Tuesday, April 10, 2012
Fires of Winter
A classic blend of romance and history. There was bodice-ripping in history, you know.
Fires of Winter is a journey through 12th-century England as seen from the perspective of Bruno, the son of the Lord of Jernaeve and a castle whore, who clawed his way up from nothing to become a Knight of the Body to King Stephen; and Melusine, the coddled daughter of a Scottish nobleman loyal to Stephen’s rival, the Empress Matilda.
The chapters alternate between Bruno’s and Melusine’s first-person, past-tense points of view. The first few chapters are mainly character development, and there is sometimes the feeling of backtracking. But soon after, the story rolls in waves of action from their first brief encounter, when Bruno storms Melusine’s keep at Ulle in the name of King Stephen. Stephen’s Queen Maude orders Bruno to wed Melusine in order to watch her as the daughter of a rebel, and Bruno and Melusine form an alliance to regain Melusine’s lost land of Ulle.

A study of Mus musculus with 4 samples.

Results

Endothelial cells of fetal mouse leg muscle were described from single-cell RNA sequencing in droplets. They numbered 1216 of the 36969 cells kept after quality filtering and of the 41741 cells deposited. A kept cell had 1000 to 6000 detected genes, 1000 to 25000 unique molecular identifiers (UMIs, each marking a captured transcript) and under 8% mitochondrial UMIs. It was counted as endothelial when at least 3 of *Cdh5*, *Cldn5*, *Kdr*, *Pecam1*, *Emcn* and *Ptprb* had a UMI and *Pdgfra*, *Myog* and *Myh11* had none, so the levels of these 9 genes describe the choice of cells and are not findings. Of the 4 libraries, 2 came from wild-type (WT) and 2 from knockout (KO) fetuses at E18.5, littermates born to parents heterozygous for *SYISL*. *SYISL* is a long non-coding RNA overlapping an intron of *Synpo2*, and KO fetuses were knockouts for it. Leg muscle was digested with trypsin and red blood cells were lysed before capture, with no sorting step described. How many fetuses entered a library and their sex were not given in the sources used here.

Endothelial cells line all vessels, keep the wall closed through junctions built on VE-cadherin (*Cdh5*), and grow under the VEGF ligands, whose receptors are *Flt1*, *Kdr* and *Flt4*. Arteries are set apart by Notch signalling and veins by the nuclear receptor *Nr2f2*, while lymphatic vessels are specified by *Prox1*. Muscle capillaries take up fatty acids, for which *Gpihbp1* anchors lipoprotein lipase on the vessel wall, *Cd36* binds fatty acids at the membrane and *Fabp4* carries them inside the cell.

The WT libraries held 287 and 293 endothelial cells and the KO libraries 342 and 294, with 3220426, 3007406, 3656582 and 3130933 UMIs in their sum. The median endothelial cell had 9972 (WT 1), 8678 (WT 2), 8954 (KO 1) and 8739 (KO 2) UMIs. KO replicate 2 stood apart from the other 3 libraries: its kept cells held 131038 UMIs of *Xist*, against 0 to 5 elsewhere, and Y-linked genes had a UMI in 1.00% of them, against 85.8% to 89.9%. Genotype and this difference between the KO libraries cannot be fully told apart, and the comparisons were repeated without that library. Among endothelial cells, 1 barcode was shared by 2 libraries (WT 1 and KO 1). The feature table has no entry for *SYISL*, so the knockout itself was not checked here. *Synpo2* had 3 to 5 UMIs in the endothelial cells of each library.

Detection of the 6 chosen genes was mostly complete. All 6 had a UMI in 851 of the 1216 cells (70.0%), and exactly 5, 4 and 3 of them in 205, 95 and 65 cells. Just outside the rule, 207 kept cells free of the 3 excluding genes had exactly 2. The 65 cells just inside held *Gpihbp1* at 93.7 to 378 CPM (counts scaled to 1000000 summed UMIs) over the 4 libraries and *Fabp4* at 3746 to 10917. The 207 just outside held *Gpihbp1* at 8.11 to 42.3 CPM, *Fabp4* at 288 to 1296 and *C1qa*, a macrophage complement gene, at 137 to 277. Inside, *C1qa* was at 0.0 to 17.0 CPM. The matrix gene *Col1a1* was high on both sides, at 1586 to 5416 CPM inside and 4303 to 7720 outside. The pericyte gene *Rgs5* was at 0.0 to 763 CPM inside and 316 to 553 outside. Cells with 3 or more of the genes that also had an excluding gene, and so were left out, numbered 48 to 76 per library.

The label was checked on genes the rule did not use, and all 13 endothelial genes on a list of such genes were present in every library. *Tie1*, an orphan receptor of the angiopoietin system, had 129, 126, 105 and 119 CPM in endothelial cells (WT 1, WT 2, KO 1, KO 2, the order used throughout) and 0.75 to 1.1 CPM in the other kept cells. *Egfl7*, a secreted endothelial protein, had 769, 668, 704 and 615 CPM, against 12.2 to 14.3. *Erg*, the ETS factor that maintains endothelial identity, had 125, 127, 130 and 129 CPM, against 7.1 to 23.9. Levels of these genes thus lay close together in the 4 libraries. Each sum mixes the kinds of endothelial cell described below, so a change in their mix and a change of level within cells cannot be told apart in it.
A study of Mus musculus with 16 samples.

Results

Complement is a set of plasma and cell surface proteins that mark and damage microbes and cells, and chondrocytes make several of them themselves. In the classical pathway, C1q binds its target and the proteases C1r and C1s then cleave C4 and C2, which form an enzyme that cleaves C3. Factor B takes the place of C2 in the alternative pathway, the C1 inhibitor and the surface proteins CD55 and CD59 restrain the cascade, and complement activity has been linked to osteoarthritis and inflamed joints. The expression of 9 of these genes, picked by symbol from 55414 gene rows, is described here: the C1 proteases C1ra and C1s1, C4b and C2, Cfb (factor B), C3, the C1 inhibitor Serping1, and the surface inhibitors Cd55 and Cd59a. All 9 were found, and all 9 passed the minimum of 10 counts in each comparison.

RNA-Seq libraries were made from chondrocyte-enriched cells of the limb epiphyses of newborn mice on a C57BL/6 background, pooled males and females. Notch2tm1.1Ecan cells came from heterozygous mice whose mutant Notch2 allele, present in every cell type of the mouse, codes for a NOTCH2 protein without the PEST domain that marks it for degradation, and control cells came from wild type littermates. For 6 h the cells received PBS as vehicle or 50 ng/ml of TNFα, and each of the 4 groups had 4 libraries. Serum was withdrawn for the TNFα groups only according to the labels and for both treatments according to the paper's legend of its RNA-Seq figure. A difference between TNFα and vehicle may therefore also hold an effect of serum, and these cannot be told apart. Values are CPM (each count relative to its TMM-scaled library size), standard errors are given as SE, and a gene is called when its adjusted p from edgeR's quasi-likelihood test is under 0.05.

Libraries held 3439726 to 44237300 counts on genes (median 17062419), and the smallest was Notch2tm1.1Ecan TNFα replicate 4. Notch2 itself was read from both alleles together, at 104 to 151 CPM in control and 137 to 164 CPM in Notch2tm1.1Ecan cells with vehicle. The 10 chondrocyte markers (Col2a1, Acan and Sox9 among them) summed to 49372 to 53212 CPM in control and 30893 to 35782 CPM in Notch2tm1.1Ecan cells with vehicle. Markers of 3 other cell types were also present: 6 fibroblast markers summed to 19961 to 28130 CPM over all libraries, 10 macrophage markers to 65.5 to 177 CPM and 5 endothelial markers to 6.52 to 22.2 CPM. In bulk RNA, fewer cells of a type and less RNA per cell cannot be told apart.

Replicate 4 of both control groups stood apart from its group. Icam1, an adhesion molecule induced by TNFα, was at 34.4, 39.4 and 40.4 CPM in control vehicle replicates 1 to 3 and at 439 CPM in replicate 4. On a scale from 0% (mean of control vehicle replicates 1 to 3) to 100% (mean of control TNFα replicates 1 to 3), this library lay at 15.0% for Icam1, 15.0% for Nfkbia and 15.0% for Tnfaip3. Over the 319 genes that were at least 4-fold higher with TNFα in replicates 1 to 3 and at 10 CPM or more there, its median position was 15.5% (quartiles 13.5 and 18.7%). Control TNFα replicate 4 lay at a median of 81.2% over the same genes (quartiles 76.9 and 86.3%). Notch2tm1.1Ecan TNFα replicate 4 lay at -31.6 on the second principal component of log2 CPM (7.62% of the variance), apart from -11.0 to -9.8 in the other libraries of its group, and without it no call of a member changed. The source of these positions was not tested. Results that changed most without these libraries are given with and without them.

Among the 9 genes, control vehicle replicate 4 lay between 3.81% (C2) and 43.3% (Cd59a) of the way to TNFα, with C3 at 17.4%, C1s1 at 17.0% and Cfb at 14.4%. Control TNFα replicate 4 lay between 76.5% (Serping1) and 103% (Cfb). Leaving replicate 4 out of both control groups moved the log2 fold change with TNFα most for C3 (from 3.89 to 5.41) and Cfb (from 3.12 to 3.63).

We meet King Stephen, the Empress Matilda, and even Eleanor of Aquitaine through the eyes of two people trying to survive in the court of a weak and changeable king, all the while relying more and more upon each other’s strength and consistency in this uncertain landscape.
Fires of Winter is the story of a love-match made despite the dangerous times and doubtful circumstances. The author obviously knows the time period well, and her teasing, alternating chapters kept me interested until the end. I recommend this book for anyone who enjoys a good historical romance that happens to lend a view on the historical politics as well.
My review courtesy of the Historical Novel Society.